The threat of war may cripple economic recovery

Nouriel Roubini writes: Today’s fragile global economy faces many risks: the risk of another flare-up of the eurozone crisis; the risk of a worse-than-expected slowdown in China; and the risk that economic recovery in the United States will fizzle. But no risk is more serious than that posed by a further spike in oil prices.

The price of a barrel of Brent crude, which was well below $100 in 2011, recently peaked at $125 (U.S.). Gasoline prices in the U.S. are approaching $4 a gallon, a damaging threshold for consumer confidence, and will increase further during the high-demand summer season.

The reason is fear. Not only are oil supplies plentiful, but demand in the U.S. and Europe has been lower, owing to decreasing car use in the last few years and weak or negative GDP growth in the U.S. and the eurozone. Simply put, increasing worry about a military conflict between Israel and Iran has created a “fear premium.”

The last three global recessions (prior to 2008) were each caused by a geopolitical shock in the Middle East that led to a sharp spike in oil prices. The 1973 Yom Kippur War between Israel and the Arab states led to global stagflation (recession and inflation) in 1974-1975. The Iranian revolution in 1979 led to global stagflation in 1980-1982. And Iraq’s invasion of Kuwait in the summer of 1990 led to the global recession of 1990-1991.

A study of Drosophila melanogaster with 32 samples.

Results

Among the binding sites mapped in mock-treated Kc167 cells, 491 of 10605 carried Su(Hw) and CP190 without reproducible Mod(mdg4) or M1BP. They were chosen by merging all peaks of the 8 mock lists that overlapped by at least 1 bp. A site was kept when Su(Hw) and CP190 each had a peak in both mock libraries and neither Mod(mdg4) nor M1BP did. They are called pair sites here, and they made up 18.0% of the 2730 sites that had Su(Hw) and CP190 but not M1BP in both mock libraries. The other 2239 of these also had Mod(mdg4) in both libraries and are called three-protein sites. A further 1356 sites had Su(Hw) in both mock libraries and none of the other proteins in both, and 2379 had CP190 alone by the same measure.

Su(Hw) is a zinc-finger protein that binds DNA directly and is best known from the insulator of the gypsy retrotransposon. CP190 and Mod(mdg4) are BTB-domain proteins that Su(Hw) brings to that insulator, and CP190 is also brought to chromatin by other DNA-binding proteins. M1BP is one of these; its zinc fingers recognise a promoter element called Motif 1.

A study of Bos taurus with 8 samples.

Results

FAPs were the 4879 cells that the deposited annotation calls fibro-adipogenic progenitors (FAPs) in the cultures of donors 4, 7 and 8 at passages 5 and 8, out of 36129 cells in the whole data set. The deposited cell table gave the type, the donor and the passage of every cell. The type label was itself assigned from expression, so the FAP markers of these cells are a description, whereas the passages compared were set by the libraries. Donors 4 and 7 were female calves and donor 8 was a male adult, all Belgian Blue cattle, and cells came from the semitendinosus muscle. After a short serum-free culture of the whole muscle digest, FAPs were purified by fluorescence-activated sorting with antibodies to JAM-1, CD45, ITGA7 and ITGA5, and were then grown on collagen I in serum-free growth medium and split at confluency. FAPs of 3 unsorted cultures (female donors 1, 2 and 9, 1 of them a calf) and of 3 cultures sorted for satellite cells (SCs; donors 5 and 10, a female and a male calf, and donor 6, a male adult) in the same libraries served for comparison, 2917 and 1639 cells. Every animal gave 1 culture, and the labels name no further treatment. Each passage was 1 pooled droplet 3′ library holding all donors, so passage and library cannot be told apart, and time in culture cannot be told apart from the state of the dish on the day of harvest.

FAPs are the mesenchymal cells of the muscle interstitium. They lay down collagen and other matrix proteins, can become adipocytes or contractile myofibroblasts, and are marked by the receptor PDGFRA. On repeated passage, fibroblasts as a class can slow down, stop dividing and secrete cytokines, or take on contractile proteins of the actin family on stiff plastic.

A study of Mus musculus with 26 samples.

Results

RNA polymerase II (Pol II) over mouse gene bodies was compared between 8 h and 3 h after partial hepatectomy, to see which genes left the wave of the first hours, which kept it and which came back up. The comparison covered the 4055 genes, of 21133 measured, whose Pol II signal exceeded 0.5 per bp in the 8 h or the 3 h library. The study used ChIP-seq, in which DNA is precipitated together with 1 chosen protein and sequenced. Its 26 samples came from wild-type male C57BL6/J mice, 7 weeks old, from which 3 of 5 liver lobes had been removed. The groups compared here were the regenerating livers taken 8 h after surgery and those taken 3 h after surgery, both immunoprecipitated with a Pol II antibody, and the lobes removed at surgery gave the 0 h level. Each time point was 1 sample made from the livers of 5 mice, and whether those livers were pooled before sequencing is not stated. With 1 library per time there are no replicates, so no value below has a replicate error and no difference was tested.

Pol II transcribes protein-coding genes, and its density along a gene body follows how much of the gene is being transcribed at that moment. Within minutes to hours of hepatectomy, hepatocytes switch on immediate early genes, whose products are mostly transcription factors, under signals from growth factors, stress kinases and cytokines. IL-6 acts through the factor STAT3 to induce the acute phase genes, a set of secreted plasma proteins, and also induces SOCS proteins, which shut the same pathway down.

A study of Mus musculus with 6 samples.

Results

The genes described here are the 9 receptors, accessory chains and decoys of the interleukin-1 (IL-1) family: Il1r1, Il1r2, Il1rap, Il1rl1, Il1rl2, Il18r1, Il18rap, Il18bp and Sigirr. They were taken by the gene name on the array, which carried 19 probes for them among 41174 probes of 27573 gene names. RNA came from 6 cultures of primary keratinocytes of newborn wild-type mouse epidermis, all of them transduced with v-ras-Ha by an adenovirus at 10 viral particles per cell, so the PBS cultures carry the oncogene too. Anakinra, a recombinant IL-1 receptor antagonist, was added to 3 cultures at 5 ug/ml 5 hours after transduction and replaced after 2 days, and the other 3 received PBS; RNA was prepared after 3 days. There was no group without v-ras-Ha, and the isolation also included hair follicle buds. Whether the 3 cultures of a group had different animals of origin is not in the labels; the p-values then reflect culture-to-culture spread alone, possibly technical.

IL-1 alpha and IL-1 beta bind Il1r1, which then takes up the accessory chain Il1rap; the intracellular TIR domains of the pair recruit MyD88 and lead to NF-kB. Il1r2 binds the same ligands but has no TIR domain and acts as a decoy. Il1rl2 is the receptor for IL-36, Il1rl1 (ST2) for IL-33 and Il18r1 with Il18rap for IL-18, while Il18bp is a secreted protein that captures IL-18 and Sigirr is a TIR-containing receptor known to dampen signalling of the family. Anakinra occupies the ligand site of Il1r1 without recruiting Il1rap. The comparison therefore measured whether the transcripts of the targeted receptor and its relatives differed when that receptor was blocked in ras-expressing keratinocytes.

1. Steve Zerger

    Oil supplies are plentiful. We keep hearing this. And of course it’s true that there is a lot of oil still in the ground. But oil flows are barely adequate for current worldwide consumption, and are only sustainable with massive deployment of capital, which of course requires a high price. It is an inadequate analysis to say that supplies are plentiful and that demand is low, but that the fear of any disruption is driving the price to damaging levels. Why do economists have such a difficult time grasping the simple and obvious concept of natural limits?

  2. Norman

    As that old saying goes, “the market goes up, some make money, the market goes down, some make money” just not the majority or 99+% of the population of the world.